The Sigma Xi Faculty Research Award for 2006 is presented to Professor Connie M. Weaver.
Dr. Weaver us Distinguished Professor and Head of the Department of Foods and Nutrition
at Purdue University. In 2000, she also became Director of a National Institutes of Health
funded Botanicals Research Center to study botanicals containing polyphenolics for age-related
diseases. She was a member of the National Academy of Sciences Institute of Medicine Panel to
develop new recommendations for requirements for calcium and related minerals and is now a
member of their Committee to Determine Mineral Requirements for the Military. She was appointed
to the 2005 US Dietary Guidelines Advisory Committee, the highest appointment for public policy
related to diet and health. Dr. Weaver is the past-president of the American Society for Nutritional
Sciences and is an elected fellow of both the American College of Nutrition and the Institute
of Food Science. She is on the Board of Trustees of the International Life Sciences Institute
and serves on the boards of 3 major companies. Among her awards include the W.O. Atwater Award,
the highest award given by the IS Department of Agriculture for promoting human health, in 2003;
the Institute of Food Technologists Babcock Hart Award in 1997; the American College of Nutrition
Research Award in 2005; a number of names lectureships and the Centennial Award from Florida
State Promotion Award for Women, the Gamma Sigma Delta Award of Merit, the Institute of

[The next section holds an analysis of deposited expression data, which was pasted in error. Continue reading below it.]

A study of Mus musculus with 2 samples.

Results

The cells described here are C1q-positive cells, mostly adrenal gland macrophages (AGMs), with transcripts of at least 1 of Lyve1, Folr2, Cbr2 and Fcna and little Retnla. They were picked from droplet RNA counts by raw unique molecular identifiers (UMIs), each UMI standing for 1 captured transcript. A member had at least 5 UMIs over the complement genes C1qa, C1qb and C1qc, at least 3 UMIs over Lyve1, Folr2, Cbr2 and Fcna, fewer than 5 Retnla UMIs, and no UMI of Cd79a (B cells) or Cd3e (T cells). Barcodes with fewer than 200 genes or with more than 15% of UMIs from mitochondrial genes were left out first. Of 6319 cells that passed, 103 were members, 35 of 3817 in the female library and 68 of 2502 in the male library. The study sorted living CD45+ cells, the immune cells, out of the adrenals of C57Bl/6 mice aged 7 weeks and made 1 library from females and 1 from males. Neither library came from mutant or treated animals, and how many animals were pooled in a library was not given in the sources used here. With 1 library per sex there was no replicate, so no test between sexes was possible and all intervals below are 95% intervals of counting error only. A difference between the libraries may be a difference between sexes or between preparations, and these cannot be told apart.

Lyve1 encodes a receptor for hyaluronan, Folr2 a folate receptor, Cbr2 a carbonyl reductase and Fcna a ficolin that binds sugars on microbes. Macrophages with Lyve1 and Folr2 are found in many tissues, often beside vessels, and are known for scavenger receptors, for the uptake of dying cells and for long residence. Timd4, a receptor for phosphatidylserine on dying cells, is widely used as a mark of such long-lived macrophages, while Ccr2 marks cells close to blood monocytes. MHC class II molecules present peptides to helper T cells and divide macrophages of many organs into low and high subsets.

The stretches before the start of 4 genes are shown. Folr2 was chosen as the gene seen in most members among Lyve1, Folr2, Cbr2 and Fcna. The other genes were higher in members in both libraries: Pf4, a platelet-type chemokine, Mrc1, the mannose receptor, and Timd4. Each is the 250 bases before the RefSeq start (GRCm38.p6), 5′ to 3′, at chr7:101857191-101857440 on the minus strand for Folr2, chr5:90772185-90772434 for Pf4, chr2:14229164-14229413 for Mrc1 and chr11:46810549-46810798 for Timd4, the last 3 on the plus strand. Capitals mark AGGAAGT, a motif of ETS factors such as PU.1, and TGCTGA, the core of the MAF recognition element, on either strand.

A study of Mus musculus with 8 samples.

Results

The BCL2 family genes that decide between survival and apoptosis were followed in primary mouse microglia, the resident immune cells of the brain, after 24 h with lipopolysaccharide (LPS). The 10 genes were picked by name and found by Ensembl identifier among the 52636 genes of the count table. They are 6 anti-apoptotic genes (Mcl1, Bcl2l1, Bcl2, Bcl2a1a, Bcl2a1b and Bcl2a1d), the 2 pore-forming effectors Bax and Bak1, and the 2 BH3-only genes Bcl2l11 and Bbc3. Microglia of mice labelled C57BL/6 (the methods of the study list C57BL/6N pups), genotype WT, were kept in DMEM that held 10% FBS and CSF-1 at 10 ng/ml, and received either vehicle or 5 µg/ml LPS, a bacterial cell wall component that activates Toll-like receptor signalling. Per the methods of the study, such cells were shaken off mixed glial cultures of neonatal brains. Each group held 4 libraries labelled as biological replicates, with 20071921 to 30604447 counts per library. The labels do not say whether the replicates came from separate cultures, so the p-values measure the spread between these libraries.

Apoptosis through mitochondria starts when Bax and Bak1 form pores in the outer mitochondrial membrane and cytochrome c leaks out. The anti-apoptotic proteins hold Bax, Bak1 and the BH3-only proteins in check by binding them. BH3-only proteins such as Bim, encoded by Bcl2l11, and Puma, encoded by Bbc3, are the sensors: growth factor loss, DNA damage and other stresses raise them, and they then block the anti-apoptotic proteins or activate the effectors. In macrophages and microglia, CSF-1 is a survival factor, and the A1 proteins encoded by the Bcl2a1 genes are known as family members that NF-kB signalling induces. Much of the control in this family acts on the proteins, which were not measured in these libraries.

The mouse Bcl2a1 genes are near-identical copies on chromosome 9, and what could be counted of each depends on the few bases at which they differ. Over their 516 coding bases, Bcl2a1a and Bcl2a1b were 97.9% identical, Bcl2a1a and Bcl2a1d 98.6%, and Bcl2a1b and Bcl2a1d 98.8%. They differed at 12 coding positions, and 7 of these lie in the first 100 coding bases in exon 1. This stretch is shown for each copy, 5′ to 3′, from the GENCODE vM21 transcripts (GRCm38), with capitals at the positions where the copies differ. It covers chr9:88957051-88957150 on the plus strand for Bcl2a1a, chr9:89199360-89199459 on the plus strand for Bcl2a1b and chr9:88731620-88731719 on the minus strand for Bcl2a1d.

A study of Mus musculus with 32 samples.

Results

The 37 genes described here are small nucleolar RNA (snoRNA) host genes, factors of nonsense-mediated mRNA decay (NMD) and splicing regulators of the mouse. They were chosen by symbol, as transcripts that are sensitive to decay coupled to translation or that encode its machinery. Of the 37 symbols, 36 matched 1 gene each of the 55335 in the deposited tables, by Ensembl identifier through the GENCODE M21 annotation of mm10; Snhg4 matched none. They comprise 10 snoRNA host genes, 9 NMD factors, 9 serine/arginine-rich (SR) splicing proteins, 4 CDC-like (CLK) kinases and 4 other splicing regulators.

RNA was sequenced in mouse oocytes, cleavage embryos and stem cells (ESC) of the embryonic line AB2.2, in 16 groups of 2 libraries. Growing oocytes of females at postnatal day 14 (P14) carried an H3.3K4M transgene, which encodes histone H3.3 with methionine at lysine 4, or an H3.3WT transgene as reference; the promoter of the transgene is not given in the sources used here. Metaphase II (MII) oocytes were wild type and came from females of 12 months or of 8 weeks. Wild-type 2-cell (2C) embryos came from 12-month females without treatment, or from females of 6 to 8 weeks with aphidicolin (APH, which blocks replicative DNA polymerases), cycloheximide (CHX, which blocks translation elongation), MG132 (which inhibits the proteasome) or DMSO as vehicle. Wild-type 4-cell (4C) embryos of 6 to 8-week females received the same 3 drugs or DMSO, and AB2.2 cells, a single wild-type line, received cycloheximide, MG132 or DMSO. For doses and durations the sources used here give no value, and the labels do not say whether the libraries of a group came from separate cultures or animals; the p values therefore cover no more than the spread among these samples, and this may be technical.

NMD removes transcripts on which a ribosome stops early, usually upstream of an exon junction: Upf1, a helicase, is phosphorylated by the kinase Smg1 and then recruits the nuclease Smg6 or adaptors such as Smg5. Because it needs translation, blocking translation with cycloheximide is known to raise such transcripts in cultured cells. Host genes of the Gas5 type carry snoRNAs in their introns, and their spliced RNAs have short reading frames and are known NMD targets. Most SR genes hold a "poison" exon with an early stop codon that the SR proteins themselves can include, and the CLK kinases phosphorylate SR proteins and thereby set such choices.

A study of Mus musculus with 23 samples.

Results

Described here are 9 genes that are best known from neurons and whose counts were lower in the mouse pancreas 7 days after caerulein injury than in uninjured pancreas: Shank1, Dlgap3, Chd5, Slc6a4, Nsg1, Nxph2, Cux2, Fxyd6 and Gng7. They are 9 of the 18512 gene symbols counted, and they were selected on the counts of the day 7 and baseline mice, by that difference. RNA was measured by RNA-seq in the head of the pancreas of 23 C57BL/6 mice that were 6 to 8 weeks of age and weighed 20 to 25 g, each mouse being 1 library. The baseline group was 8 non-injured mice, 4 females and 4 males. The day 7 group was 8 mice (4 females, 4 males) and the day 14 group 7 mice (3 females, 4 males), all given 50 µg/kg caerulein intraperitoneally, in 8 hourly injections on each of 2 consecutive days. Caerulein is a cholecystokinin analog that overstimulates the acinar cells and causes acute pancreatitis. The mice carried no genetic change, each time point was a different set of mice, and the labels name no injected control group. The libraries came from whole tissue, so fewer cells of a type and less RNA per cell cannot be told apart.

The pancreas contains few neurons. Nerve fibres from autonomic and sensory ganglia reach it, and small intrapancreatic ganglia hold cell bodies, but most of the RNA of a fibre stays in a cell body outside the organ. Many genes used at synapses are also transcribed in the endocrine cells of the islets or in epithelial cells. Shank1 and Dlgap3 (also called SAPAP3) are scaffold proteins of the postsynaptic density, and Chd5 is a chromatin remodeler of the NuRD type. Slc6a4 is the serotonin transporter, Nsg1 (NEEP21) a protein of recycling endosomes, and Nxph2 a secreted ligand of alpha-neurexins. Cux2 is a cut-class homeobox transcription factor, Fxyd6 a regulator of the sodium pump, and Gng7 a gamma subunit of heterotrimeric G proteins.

Food Science Research Award-Indiana Section.
Dr. Weaver is a nationally recognized expert on calcium, its function, and bioavailability in
foods. Best known is her groundbreaking work on calcium metabolism through controlled feeding studies run as summer research
camps in adolescents known as Camp Calcium. She has received NIH funding for Camp Calcium since 1990. Data from these
studies were used to set the current calcium requirements for adolescents and young
adults for North America. With her unique approach to the study of calcium metabolism using
table isotopes, Dr. Weaver has provided insights into factors affecting the development of
peak bone mass during growth, which determines the risk of osteoporosis. She follows up
the human studies which indicate regulators of calcium metabolism and bone turnover with
mechanistic studies in animal models. Her group showed that 91 percent of total adult bone
mineral content is acquired by 17 years of age in women. Furthermore, their research group has characterized
gender and racial differences in calcium and sodium metabolism. This work shows that the
etiology of racial differences in incidence of hypertension and osteoporosis begins in childhood with differences in regulation
of sodium at the kidney, calcium absorption at the intestine and bone turnover rates. Her group predicted bone mineral density differences
between black and white adults by differences in calcium retention during puberty. Studies in adults have shown
that bone mineral density can be improved by exercise, but compromised with oral contraceptive use.
Through collaboration with the PRIME lab in Physics, Dr. Weaver's group has been developing the methodology
using a rare isotope of calcium to measure early changes in bone loss to quickly screen efficacy of
interventions for preventing and treating osteoporosis. Through the Botanicals Research Center, they are
screening plant phytoestrogens as dietary substitutes for estrogen replacement therapy in postmenopausal women.
Dr. Weaver's joy is to bring together multi-disciplinary teams to study complex problems. For
all of these reasons the committee felt that she was most deserving of the 2006 Sigma Xi Faculty Research Award.
The formal Sigma Xi Faculty Research Award lecture will be presented by Dr. Weaver during the Fall 2006 Semester.